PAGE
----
There was no going back; there was no choice, anymore. I’d chosen out and this was it: hot-cold, dry-wet, bright-dark and lonely.
Hayley has gone rogue.
She’s left everything she’s ever known – her friends, her bees, her whole world – because her curiosity was too big to fit within the walls of her underwater home.
But what is this new world she’s come to? Has Hayley finally found somewhere she can belong? Or will she have to keep running?
Rogue is the second and final book in the Vault series by Australian author A.J. Betts. Vault is a dystopian YA series about a young girl — Hayley — who lives in an enclosed vault with a large community and her curiosity leads her to the discovery that they’re in fact living underwater.
Rogue picks up exactly where Hive left off — Hayley travels up in the pod and arrives on land. She has no idea where she is, or even what this place is. Over the course of the novel, you find out why Hayley’s community was living underwater and what happened to those people who were left on land and where they are now.
“Time behaved differently in this world. I didn’t know what I was supposed to do with it. There were no coloured grow lights to signal when to eat, work, rest or sleep. There were no morning meetings to allocate jobs. No bath-time rituals. No prayers, and though I still felt the impulse, I wasn’t sure what to pray for here.”
There were so many possibilities for where this book could go, but I just feel like nothing much happened. This is a really short book and I stand by my original thought that Hive and Rogue should just be one book, but with two parts.
Hayley travels a lot in the book, and it’s kind of boring. Sure, she meets people and they build a family together and there are hurdles she has to overcome and danger she must avoid, and information about the land and the people that she has to learn really quickly. But ultimately, I finished this book quite disappointed at the lack of plot. The final 50 pages has a lot going on but by then, it felt too late. I think this book is let down by its structure and its plot, which is a shame because A.J Betts is a really talented writer and I freaking loved Hive.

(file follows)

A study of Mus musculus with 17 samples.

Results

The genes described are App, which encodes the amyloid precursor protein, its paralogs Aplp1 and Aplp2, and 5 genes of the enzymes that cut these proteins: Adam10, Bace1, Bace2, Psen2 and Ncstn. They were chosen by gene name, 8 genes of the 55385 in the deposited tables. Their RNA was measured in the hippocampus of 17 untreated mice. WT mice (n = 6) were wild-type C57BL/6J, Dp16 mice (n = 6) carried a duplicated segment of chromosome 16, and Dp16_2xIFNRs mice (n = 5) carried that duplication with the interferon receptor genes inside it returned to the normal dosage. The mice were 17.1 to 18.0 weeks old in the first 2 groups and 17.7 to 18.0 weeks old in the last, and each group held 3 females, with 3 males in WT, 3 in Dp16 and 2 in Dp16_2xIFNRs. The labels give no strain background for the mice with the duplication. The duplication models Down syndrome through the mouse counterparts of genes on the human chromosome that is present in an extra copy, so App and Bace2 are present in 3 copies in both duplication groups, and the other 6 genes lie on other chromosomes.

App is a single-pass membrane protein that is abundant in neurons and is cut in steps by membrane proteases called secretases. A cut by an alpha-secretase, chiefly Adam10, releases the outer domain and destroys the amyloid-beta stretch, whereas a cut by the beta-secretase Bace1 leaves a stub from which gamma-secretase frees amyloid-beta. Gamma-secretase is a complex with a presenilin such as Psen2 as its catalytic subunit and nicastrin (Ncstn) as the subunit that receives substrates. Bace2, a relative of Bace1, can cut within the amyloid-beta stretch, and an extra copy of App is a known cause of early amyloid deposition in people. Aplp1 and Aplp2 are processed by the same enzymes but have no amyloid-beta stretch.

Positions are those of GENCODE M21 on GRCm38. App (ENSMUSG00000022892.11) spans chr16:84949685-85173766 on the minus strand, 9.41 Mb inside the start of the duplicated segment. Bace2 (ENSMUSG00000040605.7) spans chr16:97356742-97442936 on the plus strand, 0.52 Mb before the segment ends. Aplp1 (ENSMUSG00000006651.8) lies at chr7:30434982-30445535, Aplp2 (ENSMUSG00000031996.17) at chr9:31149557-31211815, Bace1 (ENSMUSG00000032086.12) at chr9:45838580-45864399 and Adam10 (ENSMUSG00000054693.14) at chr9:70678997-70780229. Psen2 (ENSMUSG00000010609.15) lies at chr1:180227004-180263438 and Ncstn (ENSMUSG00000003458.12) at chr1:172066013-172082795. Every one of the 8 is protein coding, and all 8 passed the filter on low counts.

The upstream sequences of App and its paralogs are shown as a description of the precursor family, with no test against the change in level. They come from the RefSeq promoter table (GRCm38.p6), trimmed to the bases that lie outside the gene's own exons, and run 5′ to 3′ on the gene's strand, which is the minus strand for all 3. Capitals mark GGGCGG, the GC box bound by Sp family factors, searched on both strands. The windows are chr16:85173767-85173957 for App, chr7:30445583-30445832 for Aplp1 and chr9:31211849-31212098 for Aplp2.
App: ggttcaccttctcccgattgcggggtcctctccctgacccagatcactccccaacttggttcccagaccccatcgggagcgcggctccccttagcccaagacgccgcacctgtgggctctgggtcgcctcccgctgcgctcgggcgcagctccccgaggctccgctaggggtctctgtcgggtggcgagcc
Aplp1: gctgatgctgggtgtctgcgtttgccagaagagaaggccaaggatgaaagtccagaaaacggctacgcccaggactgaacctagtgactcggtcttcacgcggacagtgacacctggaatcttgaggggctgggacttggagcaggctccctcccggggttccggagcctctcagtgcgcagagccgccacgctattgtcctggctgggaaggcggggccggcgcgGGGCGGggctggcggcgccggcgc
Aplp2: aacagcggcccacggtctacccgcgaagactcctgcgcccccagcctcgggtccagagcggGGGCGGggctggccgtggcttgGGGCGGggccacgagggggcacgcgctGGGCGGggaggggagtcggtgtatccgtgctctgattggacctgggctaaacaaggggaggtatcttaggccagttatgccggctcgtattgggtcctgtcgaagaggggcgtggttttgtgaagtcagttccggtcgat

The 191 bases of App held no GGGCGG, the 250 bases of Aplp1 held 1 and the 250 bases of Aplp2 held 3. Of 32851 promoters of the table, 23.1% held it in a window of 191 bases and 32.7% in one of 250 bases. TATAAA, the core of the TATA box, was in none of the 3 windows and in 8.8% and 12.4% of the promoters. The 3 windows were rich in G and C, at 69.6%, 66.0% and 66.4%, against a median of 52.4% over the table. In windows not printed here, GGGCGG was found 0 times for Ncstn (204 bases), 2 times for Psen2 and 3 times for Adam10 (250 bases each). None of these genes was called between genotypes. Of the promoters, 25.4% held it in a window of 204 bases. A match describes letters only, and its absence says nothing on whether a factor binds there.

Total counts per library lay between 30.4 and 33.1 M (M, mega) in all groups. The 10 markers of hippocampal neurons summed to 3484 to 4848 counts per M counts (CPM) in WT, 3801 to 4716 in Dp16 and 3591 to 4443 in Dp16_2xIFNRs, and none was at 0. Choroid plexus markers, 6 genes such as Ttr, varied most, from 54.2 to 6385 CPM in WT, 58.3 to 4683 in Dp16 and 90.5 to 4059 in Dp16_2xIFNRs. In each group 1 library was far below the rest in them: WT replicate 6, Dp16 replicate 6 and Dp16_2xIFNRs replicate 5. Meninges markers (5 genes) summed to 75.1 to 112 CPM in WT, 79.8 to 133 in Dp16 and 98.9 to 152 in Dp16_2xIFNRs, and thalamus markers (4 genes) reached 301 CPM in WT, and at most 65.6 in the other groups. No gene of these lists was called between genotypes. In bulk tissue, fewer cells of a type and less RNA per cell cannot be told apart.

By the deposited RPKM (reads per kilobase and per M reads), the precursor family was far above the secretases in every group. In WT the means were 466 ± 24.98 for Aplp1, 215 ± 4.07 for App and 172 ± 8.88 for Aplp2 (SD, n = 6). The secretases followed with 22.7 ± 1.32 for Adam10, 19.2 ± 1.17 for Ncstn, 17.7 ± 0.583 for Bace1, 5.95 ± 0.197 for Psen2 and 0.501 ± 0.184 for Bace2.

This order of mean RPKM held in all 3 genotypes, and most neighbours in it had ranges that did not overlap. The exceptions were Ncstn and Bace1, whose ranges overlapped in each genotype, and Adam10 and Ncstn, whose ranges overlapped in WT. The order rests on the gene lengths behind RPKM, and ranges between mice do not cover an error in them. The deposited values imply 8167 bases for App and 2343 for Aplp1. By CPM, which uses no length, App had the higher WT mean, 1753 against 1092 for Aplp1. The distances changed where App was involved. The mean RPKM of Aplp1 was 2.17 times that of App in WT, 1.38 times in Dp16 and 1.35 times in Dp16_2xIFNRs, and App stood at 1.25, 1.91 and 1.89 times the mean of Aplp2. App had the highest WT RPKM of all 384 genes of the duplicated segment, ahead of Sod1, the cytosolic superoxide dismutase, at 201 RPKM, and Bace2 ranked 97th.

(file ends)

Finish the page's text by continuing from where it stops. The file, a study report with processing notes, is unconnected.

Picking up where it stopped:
“I tried to recall what Will had said about the first generation, and why they went down. They had a problem, you understand? Was it a famine that had caused our ancestors to flee the terrestrial world?”
Rogue explores many themes, including climate change and asylum seeking. The book is mainly set in Tasmania, which is now called Terrafirma. Terrafirma is essentially a prison for drifters — this setting feels really relevant in 2019 and there is a terrifyingly strong connection between Terrafirma in Rogue, and Manus and Nauru in Australia.
Hayley’s characterisation is a strength in the book — she’s thrust into a new world that she has no knowledge of and she’s forced to adapt to her surroundings. She’s resilient and she trusts her instincts, and she is incredibly courageous.
“I’d once resented Will for his freedom. I’d envied his privilege, as the son, to wander unquestioned through the houses, and I often imagined the things I would do, if I were him. I would go to the kitchen for no reason but to smell the nutmeg and touch the polished copper pots.”
The Vault series is recommended for young adult readers, aged 12+
Thank you to the publisher for mailing me a review copy in exchange for an honest review.
Rogue (Vault #2)
Pan Macmillan Publishers
Theresa Smith Writes says
Completely agree with you on all points.